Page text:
Planning Your Kauai Vacation
Kauai 101 - Get Started Here
Aloha kakou (Welcome) to the Garden Isle of Kauai. Kauai is home to the lushest scenery and beholds the most unique natural beauty of all the major Hawaiian Islands.
There's a magic to the island that draws in people from all over the world; and even if you've never stepped foot on the island, chances are you've visited the island vicariously through a movie theater; the island is world renowned for its popularity with filmmakers. The sheer amount of outdoor activities on the island is remarkable, everything from backwoods hiking through Waimea Canyon to kayaking up the Wailua River. Kauai is a mecca for all things outdoors and all persons looking for adventure. Kauai is impressive by land, water, or air - and ideally, all three.
Kauai - Top Things to Know
- Like all of the Hawaiian islands, Kauai's scenery is ever changing as you head around the island's coastal roads. Your surroundings are certainly never boring ranging from sugarcane fields to rainforests, pristine beaches to ranch lands. Though the island is small by mainland standards, you can find desert plateaus, tropical rain-forest, verdant valleys, fertile farmland, and sea cliffs along the Na Pali that will make your jaw drop.
- Kauai is the oldest of the major Hawaiian islands and the fourth largest. With over 110 miles of shoreline, you're sure to find your perfect beach. All said and done, Kauai boasts nearly 70 beaches for you to select from on your trip. Nowhere else in Hawaii will you get that kind of selection. Tunnels Beach, on the north shore, and Poipu Beach, to the south, are two of the most popular and scenic beaches on the island.
- If you want selection heading inland, Kauai has eight state parks awaiting your adventurous side, not to mention a plethora of trails that crisscross the island. In fact, the vast majority of Kauai can only be seen by foot or air - the roads only cover about 10% of the island. Waimea Canyon is a popular choice on the western side of the island, offering expansive views into what Mark Twain dubbed, 'The Grand Canyon of the Pacific.'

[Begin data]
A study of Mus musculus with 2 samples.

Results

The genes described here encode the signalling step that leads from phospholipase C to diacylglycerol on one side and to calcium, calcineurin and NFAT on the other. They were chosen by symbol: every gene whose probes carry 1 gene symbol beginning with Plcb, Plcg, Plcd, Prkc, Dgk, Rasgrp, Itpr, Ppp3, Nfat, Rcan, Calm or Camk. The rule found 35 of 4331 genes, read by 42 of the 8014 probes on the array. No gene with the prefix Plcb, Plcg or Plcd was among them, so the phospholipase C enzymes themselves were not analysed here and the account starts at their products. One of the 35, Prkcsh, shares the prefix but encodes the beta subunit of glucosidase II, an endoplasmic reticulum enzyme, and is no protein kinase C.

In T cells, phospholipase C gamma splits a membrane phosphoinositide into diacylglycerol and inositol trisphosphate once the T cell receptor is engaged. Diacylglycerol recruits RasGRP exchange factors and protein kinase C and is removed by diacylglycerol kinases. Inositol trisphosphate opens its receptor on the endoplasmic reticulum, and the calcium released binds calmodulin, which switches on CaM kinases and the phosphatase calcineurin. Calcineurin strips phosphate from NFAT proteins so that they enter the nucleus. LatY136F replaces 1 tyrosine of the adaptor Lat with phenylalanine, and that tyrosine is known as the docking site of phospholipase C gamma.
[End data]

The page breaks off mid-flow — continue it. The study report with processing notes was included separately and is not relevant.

- Speaking of trails: Kalalau trail winding its way along Na Pali and the many trails of Kokee State Park are very popular with hikers.
- If golf is on your mind, then Kauai will please even the most avid golfer. Home to several top-rated courses, all with magnificent scenery, you won't find a much nicer place to swing your clubs.
- Kauai is also home to three of the worlds National Tropical Botanical Gardens - Allerton (Lawai-kai), McBryde, both on the south shore, and Limahuli, on the north shore. Each garden is truly unique and remarkable in its own way.
Additional Kauai Information
- Elevation ranges from sea level to just over 5,000 feet atop Kawaikini. By vehicle, the highest elevation you'll be able to reach is just over 4,000 feet, so you won't need the larger jacket like you would if visiting Maui or the Big Island. A light sweater or jacket will suffice.
- Kauai is home to the world's wettest location, Waialeale, which receives over 450 inches of rain annually - that's almost 40 feet! All of that water leads to the most navigable rivers of any island in the chain, the most popular being Wailua on the east coast.
- Temperatures range from the lower 50's in Kokee State Park to the upper 80's along the South Shore. Kauai is considered to be semi-tropical and is home to a variety of micro-climates depending on your location around the island. As noted above, in some places you'll need a light jacket, while in others a bathing suit is more than enough. It is also ubiquitous to be in the rain one minute on Kauai and in full sun the next.
Kauai Helpful Tips & Articles
What's so cool about Kauai? What's the weather? When should you visit? What are the best sights? These articles will let you know all this and more. Wondering if Jurassic Park is real? Then read on. (Hint: you can visit it, so it must be real!)